Imagine you meet a guy at the laundromat. He’s handsome, charming and smart. He reads Dostoevsky. (But only if you’re into that.) You go dancing all night; you have a great time. Hanging out with him is awesome. Then you start to get suspicious, as slightly supernatural things begin happening. You wrench the truth out of your new beau, and it’s worse than you thought: He’s actually the spawn of the netherworld. Well, maybe you can still figure things out. In Say You Love Satan, the next offering by Blackout Theatre, that’s what the characters think. Nicole Duke, director of the play, says the two leads have a frank conversation about their situation. “Jack tells Andrew he’s the son of Satan, and they just go with it. They roll with that.”
The author of Say You Love Satan, Roberto Aguirre-Sacasa, has several plays under his belt. He has also written multiple comics for Marvel, and was hired in early spring to rework the script for the Broadway clusterfuck Spider-Man: Turn Off the Dark. Duke and Blackout Artistic Director Jeff Andersen talk about what drew them to Aguirre-Sacasa’s work in Say You Love Satan. “It’s a really simple story written in a really interesting way,” Andersen says. “I think the strength of it is probably the characters.” Duke agrees but is more cryptic about the play’s plot points and overall message. Despite the title, “I don’t think it’s really about love,” she says. “But there’s some love in the play. It’s more about a guy who falls for Satan.” Or a guy who may be Satan or Satan’s son. Andersen says the play is about a guy who tangles with the devil, but it’s still a comedy.
Blackout says the run of the play is just in time for Albuquerque Pride. So what does Say You Love Satan have to do with the festival celebrating the LGBT community and its supporters? Playwright Aguirre-Sacasa is openly gay. Duke says most of the characters in the show are also gay. Of course she could have cast any actors, she says, but because there are so many great gay actors who would relish a great gay role, she took the opportunity to cast them.
The play is not specifically about gay issues though, Artistic Director Andersen says. “This situation happens to happen to a bunch of characters who are gay.” Still, the hope is that the play and new performers might draw audience members from the LGBT community.
Directing Say You Love Satan has been a new experience for Duke. She has been a Blackout member since the company’s inception four years ago, but this is her first time as director. The company describes itself as “full-spectrum,” which to Andersen means two things. The first is that the group is not limited to one style of theater or type of play. Any genre the artists like, any idea they want to try, can get thrown into the mix. “And second is that everyone is actively training and learning to be everything,” he says. No company member is only an actor. “That might be your strength, but you should also learn how to direct, learn how to design, learn how to produce, learn how to do everything. If you haven’t done something, it’s kind of encouraged that it’s your turn.” Duke says her turn has been much less daunting than she anticipated because she’s had good advice and help from other company members. “It’s nice,” she says, “because they’re a strong support team to keep things moving forward.”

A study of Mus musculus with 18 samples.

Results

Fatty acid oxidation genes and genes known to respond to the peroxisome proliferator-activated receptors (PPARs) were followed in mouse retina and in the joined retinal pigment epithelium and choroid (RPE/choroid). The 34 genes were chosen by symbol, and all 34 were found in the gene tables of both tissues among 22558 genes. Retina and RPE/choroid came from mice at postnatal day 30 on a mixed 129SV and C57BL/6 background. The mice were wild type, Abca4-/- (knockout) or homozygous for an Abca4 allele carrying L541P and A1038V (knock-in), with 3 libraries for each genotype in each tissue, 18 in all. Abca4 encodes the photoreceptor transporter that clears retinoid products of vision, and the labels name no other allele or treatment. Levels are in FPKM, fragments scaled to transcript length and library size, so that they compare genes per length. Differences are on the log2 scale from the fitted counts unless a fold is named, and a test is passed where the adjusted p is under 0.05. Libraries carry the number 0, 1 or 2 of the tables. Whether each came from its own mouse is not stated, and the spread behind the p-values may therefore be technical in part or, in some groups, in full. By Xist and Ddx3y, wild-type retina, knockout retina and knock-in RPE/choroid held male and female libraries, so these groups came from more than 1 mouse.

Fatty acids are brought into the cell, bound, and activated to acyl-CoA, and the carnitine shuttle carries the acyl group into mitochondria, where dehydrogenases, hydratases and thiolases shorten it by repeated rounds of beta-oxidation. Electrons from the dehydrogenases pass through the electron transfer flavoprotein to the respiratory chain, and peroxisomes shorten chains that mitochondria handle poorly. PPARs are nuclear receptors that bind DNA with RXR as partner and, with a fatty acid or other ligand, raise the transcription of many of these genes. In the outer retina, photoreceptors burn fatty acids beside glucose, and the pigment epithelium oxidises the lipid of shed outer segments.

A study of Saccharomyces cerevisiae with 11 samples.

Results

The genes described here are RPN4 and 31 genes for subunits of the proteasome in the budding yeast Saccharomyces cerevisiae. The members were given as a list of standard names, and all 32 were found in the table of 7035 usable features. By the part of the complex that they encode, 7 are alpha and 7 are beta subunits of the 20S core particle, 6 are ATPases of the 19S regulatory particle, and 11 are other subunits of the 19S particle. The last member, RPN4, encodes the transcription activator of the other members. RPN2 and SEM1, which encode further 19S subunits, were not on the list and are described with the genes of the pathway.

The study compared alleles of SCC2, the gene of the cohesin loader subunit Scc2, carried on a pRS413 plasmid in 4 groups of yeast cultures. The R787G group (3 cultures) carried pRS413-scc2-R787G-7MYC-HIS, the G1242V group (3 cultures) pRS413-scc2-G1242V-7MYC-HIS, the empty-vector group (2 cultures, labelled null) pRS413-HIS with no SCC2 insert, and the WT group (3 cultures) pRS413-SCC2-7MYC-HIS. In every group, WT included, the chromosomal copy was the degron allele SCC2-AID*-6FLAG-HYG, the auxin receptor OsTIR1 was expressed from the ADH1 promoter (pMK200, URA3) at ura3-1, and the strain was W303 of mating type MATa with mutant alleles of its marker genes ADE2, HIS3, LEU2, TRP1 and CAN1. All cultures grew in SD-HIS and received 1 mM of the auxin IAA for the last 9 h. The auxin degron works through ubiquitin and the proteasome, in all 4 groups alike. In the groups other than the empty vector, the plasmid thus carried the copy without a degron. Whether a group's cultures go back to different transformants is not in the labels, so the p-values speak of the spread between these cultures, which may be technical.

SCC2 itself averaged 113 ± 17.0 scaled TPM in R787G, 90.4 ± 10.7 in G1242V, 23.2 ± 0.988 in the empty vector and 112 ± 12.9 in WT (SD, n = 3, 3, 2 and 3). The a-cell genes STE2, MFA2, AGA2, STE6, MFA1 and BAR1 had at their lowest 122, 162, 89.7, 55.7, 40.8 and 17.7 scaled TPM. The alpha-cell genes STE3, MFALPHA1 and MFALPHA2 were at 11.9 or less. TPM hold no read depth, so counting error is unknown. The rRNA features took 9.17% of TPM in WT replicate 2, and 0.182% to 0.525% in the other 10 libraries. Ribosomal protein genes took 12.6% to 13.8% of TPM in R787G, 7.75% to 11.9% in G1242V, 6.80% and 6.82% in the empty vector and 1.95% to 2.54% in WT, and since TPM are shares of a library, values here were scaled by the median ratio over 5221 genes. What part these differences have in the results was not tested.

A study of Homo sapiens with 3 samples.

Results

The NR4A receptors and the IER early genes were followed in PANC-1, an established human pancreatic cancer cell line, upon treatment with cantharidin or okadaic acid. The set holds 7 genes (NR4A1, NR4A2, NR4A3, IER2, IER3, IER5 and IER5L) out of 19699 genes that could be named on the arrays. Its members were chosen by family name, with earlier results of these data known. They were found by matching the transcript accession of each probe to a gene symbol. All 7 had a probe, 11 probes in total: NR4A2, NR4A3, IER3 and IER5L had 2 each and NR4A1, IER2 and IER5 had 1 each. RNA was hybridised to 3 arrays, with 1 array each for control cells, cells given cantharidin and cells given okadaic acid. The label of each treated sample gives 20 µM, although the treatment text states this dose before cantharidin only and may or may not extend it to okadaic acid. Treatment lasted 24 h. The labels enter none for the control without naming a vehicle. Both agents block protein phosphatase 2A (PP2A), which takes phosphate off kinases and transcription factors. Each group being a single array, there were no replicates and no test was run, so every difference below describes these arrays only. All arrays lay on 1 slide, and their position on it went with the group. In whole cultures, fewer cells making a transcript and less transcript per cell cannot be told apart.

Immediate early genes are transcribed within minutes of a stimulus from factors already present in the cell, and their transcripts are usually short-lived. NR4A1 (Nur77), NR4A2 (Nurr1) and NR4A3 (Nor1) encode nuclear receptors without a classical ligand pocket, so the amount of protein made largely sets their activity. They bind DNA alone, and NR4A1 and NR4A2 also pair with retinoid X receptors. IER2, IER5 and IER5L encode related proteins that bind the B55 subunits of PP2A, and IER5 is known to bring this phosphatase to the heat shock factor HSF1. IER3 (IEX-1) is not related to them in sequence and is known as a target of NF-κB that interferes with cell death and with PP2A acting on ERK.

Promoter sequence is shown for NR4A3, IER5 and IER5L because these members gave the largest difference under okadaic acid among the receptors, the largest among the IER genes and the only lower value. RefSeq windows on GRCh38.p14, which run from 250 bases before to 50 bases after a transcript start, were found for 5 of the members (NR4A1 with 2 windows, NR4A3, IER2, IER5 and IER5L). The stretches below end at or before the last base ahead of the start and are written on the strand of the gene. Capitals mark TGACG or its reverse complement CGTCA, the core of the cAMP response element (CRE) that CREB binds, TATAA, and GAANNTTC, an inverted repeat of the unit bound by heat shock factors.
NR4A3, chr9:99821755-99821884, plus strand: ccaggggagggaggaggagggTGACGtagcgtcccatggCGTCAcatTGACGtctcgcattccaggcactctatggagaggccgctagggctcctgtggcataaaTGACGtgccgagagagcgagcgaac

“Jack tells Andrew he’s the son of Satan, and they just go with it. They roll with that.”
Nicole Duke, director of Say You Love Satan
In a world where the supernatural is normal and dating a demon seems like an acceptable possibility, Blackout wants to keep the camp factor down. The costumes and makeup are realistic, Duke says. The actor playing Satan’s son won’t be wearing red, plastic horns. Instead, the spikes will be subtle. Duke compares them to an abnormal growth or sub-dermal implants: unusual, but acceptably so.
Andersen says the play will appeal to people because it’s in a gray area: good and evil are mixed, and moral lines are blurry. Watching a character choose their path usually isn’t as exciting, he says, because the right choice is obvious, and the audience can easily predict what the eventual course will be. Say You Love Satan is “about good and evil and making the right choice and what happens when you don’t,” says Duke. But, she insists, the mood is light. Andersen agrees. “It’s really just a fun, goofy comedy.”